China has all but stopped buying American soybeans, which — in a circuitous new global legume market — are now going to South America, when they are not being thrown into storage in wait of an end to the trade war.
What's happening: U.S. soybean exports to China are now down 98% in 2018, the result of the escalating U.S.-Chinese tension.
The big picture: With the reduced Chinese demand, the U.S. has begun exporting soybeans to Brazil and Argentina in larger volumes.
- Those countries, which produce lots of soybeans themselves, have been using the imported soy for domestic products like oil and soymeal. In turn, they export their homegrown soybeans to China, said Farzad Taheripour, a professor of agricultural economics at Purdue University.
- The shift was captured in an analysis of changing shipping routes, shown above. Descartes Labs, a company that analyzes information from satellite imaging and other sensors around the world, found that grain-carrying ships began cutting a new, direct route from the U.S. to Argentina in recent months.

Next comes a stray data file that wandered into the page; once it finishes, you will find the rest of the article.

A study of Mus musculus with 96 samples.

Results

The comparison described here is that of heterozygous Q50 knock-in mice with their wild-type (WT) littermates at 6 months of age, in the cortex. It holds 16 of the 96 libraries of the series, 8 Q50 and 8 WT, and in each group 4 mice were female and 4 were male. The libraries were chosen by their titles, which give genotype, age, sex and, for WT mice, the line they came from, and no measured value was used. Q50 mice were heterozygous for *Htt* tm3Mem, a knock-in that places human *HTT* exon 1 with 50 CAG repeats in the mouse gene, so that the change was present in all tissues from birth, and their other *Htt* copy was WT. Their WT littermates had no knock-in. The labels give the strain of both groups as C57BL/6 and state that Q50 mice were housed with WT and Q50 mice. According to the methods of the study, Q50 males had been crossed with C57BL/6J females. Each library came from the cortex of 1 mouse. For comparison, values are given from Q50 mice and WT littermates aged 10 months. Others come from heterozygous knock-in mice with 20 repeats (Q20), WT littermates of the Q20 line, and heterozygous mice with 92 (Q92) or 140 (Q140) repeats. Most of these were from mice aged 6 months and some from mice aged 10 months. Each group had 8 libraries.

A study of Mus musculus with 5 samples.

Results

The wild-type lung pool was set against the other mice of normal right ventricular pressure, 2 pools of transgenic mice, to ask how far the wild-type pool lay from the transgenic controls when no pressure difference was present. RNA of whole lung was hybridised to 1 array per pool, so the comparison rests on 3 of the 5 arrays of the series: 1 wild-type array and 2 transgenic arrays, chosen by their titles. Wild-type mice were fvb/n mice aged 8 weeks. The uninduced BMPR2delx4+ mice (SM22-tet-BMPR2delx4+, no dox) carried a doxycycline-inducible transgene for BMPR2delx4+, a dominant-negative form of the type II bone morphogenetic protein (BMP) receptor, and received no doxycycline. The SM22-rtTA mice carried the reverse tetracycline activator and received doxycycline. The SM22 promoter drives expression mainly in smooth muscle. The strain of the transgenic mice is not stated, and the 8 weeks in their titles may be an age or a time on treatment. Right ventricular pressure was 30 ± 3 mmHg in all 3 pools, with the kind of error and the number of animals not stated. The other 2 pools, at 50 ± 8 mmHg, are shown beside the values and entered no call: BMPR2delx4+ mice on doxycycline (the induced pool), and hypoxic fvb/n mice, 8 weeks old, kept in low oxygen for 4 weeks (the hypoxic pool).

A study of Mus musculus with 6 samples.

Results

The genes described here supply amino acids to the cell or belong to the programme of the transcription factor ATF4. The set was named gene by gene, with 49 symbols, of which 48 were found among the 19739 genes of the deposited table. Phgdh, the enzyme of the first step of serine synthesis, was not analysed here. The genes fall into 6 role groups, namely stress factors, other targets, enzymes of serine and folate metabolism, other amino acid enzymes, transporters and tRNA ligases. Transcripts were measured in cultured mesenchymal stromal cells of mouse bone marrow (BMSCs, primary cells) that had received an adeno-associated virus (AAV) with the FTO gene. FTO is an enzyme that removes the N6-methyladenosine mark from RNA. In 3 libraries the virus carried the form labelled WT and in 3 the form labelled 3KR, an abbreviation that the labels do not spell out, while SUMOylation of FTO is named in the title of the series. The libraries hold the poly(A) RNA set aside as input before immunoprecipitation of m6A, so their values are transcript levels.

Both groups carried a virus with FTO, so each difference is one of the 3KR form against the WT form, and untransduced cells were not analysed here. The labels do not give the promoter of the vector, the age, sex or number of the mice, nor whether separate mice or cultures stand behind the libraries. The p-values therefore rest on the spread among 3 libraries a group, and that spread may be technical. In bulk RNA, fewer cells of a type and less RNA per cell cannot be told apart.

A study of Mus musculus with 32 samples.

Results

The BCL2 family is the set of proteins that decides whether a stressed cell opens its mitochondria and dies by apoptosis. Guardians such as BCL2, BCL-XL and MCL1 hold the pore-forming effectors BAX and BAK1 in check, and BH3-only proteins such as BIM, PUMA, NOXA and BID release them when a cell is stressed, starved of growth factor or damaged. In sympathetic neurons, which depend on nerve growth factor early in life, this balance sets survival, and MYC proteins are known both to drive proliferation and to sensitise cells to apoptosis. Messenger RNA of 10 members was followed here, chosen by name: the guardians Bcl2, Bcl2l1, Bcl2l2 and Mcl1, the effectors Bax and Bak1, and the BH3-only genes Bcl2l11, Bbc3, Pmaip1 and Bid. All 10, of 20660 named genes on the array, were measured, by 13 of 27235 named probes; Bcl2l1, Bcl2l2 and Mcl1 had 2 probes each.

- "This is what you see when you institute tariffs that really mess up the system," said Matt Witte, a commodities expert at Descartes. "You do things like ship soybeans to a country that already produces a lot of them."
The uptick in Argentina’s soy imports is relatively modest for now, said Pat Westhoff, director of the Food and Agricultural Policy Research Institute at the University of Missouri.
- It’s been driven partly by tariffs, but also by a soybean shortage in Argentina due to a bad harvest. If it were not for the shortage, Argentina would have even more soybeans to export to China.
- The U.S. government expects this dynamic to continue into next year, even though Argentina is likely to harvest more soybeans in 2019, Westhoff said.
The bottom line: This detour hurts the American soybean industry, said Taheripour. "Our farmers will receive a lower price for their products."